Nate Emerson

I expected my first 100 miler to hurt, but couldn’t have predicted this much soreness!  As each layer of pain fades away, new hot spots and sore spots emerge.

Even though I was pretty familiar with the Ice Age trail, some of the sections seemed that much harder on race day.  The prairie sections felt pretty hot for 75 degrees.  I ran out of water 20 minutes out of the last aid station before the prairie.  I was dry heaving and reduced to walking through a good portion of this, and I could feel my body temp climbing.  I decided to do a very slow run to each shaded spot, where I would stretch, walk, and try to bring my heart rate down.  I’m glad that you had the extra water station by the cemetery, or else I would have been done at 40.   I think that I drank two full bottles right there, and then filled up and finished one more by Emma Carlin.

I had a light in the last drop bag, thinking that I might need it at 77, but I decided I wouldn’t switch the light on until 15 minutes or so after the sun had gone down, so I decided to leave it in the bag and commit to ~1:20 for the round-trip to Rice Lake and back.  Trying to keep this pace up, I didn’t lift my foot high enough to clear a log on the last downhill before Rice Lake, and I took a sweet digger into the underbrush, getting in a good two or three rolls.  With just some scratches on my forearms and weeds in my hair, it was easy to laugh it off.  I got a gnarly blister right above my heel post just after dark.  Not that I didn’t have other blisters, but this one felt like a nail driven into my heel.  I ran on my toes for a few hundred feet, decided that fix was futile, and then frantically conjured up a solution.  I put a baggie inside my sock, which, combined with the wet skin, reduced the abrasion at that spot.  Later adding band-aids, it was enough to hobble in the last 14 miles.  I have heard that duct tape works even better.

I think the rollers in the middle of the Nordic loop are what really got to me.  I saw someone post something about PUDS (pointless ups and downs) and WUDS (worthless…), which I thought was pretty funny. My quads were screaming and just about giving out when I went over those rollers for the fourth time.  Is that part of the plan to make a Midwestern 100 mile that much more difficult?! In hindsight, I can see that incorrectly addressing some of those extra challenges could have easily ended my run.  I wish that other runners could have overcome the events that caused them to DNF.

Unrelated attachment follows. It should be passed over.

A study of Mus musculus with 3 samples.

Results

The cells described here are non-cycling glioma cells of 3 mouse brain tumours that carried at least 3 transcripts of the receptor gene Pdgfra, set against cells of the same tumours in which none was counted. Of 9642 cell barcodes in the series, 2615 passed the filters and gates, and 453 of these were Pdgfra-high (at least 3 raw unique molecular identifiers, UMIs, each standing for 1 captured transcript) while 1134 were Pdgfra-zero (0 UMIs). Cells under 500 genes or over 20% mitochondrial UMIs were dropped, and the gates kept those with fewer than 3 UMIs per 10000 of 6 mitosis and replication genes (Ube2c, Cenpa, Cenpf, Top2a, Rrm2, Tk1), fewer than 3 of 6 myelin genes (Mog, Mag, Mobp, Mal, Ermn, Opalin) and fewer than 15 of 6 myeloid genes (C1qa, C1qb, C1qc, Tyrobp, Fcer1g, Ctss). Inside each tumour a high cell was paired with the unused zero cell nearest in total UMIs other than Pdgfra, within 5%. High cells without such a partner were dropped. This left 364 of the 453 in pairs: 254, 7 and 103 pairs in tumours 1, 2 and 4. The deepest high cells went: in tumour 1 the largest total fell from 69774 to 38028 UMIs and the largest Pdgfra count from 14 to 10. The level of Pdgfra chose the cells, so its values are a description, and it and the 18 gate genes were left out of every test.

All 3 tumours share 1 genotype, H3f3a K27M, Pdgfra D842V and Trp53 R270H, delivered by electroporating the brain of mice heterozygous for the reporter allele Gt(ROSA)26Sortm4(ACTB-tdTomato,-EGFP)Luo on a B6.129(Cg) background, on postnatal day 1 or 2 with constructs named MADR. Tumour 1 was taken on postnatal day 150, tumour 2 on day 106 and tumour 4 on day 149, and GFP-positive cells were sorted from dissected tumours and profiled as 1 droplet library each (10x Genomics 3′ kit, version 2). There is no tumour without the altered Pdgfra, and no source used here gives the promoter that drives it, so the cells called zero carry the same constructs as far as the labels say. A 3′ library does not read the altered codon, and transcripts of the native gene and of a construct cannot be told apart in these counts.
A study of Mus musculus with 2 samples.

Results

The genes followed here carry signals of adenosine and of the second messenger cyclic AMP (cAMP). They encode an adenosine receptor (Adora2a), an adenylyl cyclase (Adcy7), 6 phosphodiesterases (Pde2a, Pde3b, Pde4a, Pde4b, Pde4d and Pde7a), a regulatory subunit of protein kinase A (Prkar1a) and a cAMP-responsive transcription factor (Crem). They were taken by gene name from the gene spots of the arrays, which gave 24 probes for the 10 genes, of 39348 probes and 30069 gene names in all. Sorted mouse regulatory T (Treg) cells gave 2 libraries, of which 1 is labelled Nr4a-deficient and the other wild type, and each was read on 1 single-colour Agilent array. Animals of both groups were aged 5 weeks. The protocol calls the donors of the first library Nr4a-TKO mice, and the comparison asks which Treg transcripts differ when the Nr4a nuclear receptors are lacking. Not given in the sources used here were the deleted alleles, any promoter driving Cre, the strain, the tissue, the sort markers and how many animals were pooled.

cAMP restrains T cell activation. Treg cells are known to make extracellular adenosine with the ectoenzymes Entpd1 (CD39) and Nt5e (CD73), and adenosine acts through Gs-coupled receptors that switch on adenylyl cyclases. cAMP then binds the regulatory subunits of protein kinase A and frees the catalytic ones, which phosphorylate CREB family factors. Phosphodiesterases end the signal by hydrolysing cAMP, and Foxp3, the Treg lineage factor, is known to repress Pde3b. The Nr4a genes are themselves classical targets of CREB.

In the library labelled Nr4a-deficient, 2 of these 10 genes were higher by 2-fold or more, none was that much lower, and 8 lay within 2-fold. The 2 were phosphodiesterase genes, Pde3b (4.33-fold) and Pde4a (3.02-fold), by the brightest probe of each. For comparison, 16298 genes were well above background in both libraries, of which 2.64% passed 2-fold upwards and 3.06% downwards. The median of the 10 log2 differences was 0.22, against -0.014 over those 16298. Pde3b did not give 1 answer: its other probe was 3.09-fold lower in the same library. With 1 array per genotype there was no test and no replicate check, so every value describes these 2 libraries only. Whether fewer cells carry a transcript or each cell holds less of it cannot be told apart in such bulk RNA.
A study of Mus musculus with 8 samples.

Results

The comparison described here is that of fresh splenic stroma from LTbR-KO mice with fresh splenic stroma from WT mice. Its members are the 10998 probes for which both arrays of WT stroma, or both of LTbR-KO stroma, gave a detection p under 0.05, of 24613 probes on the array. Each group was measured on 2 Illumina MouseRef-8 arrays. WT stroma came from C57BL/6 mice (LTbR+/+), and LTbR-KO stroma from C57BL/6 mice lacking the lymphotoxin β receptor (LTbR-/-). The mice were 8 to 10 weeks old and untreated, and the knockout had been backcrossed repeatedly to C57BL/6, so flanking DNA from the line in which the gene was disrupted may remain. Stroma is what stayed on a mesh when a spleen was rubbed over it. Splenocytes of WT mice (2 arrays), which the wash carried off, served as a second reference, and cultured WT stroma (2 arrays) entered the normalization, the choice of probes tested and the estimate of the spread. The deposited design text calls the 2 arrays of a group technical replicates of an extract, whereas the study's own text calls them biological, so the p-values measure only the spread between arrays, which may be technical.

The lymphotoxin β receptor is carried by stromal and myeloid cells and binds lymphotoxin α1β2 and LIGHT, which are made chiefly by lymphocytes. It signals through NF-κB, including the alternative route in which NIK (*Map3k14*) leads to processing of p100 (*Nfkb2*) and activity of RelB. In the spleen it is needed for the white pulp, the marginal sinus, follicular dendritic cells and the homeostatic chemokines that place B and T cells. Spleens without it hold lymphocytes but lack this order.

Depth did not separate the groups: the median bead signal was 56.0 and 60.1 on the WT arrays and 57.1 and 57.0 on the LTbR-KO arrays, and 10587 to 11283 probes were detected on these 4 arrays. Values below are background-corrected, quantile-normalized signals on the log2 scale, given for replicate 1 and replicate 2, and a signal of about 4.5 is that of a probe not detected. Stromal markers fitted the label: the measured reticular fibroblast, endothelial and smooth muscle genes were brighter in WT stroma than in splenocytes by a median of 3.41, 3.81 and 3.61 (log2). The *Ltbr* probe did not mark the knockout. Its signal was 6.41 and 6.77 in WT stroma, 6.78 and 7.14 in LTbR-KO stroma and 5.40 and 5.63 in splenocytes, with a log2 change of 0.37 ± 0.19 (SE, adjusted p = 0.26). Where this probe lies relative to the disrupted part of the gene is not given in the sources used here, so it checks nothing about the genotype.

Normally, I would call those experiences negative, but I think that there was something in me seeking pain that drove me to enter this event in the first place, and that something makes me appreciate those extra challenges.  I was secretly hoping that we would get a downpour after dark, just to really get my money’s worth of suffering. There were obviously some nice simple moments too.  I’m much more of a start/stop runner than a long continuous pace, so I really enjoyed cruising some of the rolling and slightly technical downhills in Scuppernong, near Emma Carlin connector trail, and those near the Lime Kiln and points south.  Carrying a nice stride on a gentle downhill on an awesome trail, it was easy to forget the soreness in the quads and the sharp pains in my hip flexors and shin. The atmosphere of this event was great.  My attitude had bounced between competitiveness and plain survival when first starting, but after coming through Margaretville (mile 93) I settled into a much more relaxed state.  I had a very positive experience at every aid station, and this had a huge effect on my attitude throughout the day.  Just thought I’d share my adventure.  I’m sure many runners went through much more than I did.  The first day after the event I thought I wouldn’t ever try another 100.  But the more I thought about the event, the more I realized that I enjoyed almost every minute of it.  Although, it was a huge pleasure to stop at the end and sit down.